Reporter’s Notebook: Ukraine’s Chernihiv devastated after Russian artillery barrage


“What do they want from us?” she asked rhetorically. “I still don’t understand.”

The sad truth is: The invading army didn’t want anything from the people of Chernihiv. They had the misfortune of being a population center between the Belarus border and Russia’s unstated but clear goal of decapitating the Ukrainian government in Kyiv. Rather than bypassing Chernihiv and risk being attacked from the rear, the invading force attempted to beat the town into submission.  

Donets is 76 years old. When family members piled in a car to escape, the car filled up. She opted to let younger family members, with more life ahead of them, go and she stayed behind. Ten of the people who sheltered with her were killed. Disabled people lived in her house. Three of them have died since the invasion.

Like many Ukrainians in the north and east of the country, Donets is bewildered. She once thought of Russians as kin, fellow countrymen. “They called us brothers, but they are not brothers to us,” she said through sobs. “They are bastards.  After all, they are abusing us so much, what do they need? We did not claim their territory. It’s all a lie.”

As we shot scenes of destruction, cameraman Stephen Kanicka focused on a small house that had taken a direct hit. It was nothing but a pile of burned lumber and remains of a chimney. A framed picture of Jesus and several pairs of shoes had been fished from the debris and set up like a display.

Vasylchenko Valentyna approached us eager to talk. “Most of my family died here,” she said and broke into tears. Vasylchenko had pulled her family into that house for shelter. Her grandson, granddaughter, granddaughter’s groom and son-in-law were all killed. Only Vasylchenko and one daughter survived. Given the destruction, it’s hard to understand how anyone survived. The house was flattened.  

“Such people have no right to exist,” she said of the Russian Army. “Such a nation must be destroyed because they came to kill innocent people, we are not military. We are civilians who lived here and did no harm to anyone.”

All she has left is what she can pull from the debris, one daughter and haunting memories. “I sleep badly. I dream of my dead relatives,” Vasylchenko said.


Inna now walks with a limp as she’s recovering from a broken leg. She can see only out of her right eye. The scar from the shrapnel that went into her left eye is still red and appears tender. She has other shrapnel scars on her face and arms that are healing.

A woman collecting wooden planks in a street destroyed by shellings in Chernihiv, Ukraine, April 13.

A woman collecting wooden planks in a street destroyed by shellings in Chernihiv, Ukraine, April 13.
(AP Photo/Evgeniy Maloletka, File)

School Number 21 also took a direct hit. A shell of the school remains, but most of the building is destroyed. Classrooms, offices and the cafeteria now sit in open air with piles of bricks all around. “When the shock wave hit me, I covered my face with hands. There are still pieces of glass and metal in my body that have not yet been removed,” Inna said.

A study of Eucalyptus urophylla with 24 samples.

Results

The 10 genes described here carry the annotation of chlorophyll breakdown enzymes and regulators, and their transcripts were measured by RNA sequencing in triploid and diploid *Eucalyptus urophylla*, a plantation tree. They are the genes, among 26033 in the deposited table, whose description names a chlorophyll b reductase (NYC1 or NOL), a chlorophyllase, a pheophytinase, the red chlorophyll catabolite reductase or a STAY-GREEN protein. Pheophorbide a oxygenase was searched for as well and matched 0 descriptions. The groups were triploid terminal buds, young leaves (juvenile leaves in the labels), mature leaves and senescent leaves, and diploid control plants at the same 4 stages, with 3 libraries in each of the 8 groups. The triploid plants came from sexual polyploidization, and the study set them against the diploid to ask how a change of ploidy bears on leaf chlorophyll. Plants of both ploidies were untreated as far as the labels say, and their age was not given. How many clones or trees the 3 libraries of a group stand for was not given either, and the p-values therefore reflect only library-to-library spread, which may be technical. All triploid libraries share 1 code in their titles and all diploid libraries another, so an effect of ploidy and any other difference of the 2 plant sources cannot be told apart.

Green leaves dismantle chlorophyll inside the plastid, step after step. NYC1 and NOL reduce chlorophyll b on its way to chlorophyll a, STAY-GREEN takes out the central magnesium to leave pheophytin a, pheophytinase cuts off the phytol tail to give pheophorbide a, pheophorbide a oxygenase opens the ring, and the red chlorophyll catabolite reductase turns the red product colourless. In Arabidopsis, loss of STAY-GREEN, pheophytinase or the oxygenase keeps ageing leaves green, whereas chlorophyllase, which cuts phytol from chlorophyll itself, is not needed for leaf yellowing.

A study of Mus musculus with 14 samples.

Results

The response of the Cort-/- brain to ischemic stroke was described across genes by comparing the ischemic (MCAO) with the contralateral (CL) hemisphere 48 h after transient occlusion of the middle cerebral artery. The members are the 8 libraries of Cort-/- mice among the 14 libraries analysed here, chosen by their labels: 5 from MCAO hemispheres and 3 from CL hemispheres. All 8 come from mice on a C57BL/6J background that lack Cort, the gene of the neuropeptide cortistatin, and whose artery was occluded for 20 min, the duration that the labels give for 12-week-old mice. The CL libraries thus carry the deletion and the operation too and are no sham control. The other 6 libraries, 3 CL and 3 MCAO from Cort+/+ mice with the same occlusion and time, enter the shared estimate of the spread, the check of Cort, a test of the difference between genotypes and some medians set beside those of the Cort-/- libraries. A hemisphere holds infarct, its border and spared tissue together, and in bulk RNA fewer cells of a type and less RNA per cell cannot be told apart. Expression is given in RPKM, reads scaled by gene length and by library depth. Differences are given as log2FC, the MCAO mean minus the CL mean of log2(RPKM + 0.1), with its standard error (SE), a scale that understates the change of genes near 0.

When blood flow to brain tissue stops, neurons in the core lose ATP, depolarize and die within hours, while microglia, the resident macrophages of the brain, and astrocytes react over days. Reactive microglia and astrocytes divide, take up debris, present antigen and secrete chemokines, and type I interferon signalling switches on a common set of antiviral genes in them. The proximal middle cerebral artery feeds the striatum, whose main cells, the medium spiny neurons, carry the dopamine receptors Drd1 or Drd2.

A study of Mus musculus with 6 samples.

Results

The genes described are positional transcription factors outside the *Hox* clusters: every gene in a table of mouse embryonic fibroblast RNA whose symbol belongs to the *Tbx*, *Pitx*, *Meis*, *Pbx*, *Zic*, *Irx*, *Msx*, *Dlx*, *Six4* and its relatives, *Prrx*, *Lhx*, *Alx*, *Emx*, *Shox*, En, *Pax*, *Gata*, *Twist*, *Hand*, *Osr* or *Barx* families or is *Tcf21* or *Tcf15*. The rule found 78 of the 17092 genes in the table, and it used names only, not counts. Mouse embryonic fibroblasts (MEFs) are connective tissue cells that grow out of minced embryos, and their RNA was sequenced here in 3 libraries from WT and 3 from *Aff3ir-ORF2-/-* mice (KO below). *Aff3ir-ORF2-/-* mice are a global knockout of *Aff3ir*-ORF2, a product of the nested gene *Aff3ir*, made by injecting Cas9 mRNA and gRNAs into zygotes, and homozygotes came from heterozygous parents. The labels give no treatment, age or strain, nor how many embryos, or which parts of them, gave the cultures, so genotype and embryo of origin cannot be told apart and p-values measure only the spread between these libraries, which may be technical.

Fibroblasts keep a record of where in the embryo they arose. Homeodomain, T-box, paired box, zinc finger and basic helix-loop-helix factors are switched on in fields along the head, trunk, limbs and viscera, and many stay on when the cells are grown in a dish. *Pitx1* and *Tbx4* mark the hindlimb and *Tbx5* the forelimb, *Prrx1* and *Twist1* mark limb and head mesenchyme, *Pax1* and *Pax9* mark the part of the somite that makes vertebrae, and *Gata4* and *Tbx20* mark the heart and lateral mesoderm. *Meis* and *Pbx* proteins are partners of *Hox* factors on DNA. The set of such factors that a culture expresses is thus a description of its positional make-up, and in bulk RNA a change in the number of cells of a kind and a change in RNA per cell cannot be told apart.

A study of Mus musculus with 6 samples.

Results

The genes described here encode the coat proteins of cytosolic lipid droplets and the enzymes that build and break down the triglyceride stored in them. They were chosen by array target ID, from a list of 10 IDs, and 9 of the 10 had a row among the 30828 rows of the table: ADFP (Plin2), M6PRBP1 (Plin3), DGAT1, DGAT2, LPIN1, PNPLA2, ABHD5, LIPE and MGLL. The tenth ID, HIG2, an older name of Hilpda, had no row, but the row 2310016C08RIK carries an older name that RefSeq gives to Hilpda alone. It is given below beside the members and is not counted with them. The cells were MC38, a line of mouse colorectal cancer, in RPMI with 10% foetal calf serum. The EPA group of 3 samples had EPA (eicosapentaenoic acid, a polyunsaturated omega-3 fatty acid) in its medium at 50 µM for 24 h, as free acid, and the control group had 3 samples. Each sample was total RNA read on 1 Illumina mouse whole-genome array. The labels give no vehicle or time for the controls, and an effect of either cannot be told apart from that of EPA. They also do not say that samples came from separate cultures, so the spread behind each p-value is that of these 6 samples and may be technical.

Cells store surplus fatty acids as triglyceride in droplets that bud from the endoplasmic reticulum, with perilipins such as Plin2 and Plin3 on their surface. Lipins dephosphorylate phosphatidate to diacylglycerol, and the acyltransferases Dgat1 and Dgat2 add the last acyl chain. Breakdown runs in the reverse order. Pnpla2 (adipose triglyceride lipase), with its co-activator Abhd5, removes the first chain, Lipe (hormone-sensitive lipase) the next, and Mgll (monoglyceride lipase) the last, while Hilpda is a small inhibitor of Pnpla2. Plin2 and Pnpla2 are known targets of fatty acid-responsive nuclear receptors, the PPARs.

In the chaos following the blast, as she was receiving care, Inna lost track of how many people had been killed or injured. She is one of few people in Chernihiv who did not break into tears telling us her story. Inna is angry at the Russians with whom she once felt close. “These are not human beings. I do not understand what they were guided by, because you see that it is the private sector and schools are clearly visible,” she said. 


Volodomyr Bruduk held a graveside vigil for his brother, Anatoli. They laid flowers and fruit on the sand and poured Anatoli’s favorite drink there. He said Anatoli was killed by a cluster bomb. “Why did they come to our peaceful country?” he asked, explaining that his soul has been longing for his brother. “Young boys, children and women died. There is nothing to think about. They (the Russians) must be destroyed.”

Ukrainian soldiers walking next to destroyed Russian tanks in the outskirts of Kyiv, Ukraine, March 31.

Ukrainian soldiers walking next to destroyed Russian tanks in the outskirts of Kyiv, Ukraine, March 31.
(AP Photo/Rodrigo Abd, File)

This is also the town where American Jimmy Hill from Minnesota was killed, when civilians waiting in a bread line were massacred on March 16. At the time, the U.S. Embassy reported Russian forces had shot and killed 10 civilians. That was bad information which made it easy for the Kremlin to state they didn’t have forces close enough to shoot anyone. What is clear from shrapnel scars all over the area where the people were killed is that a mortar or artillery round flew in and hit where the hungry people were hoping to get some food.


Dozens of concrete apartment buildings are marked with black holes and shrapnel scars from artillery strikes. So many, that I told Stephen, the cameraman, he didn’t need to shoot each one. We’d never use all those shots. The Hotel Ukraine, bright pink with white trim and wrought-iron railings, has a giant crater in the center of it.


As I think about it, the only military targets we saw were some holes in the roads and bridges that had been blown up, but Ukrainians blew the bridges to prevent the invaders from having easy access to the center of town. Granted, Ukrainian fighters have moved around since the Russians retreated from Chernihiv. We saw little to no evidence of Russians shooting at military targets, only civilian.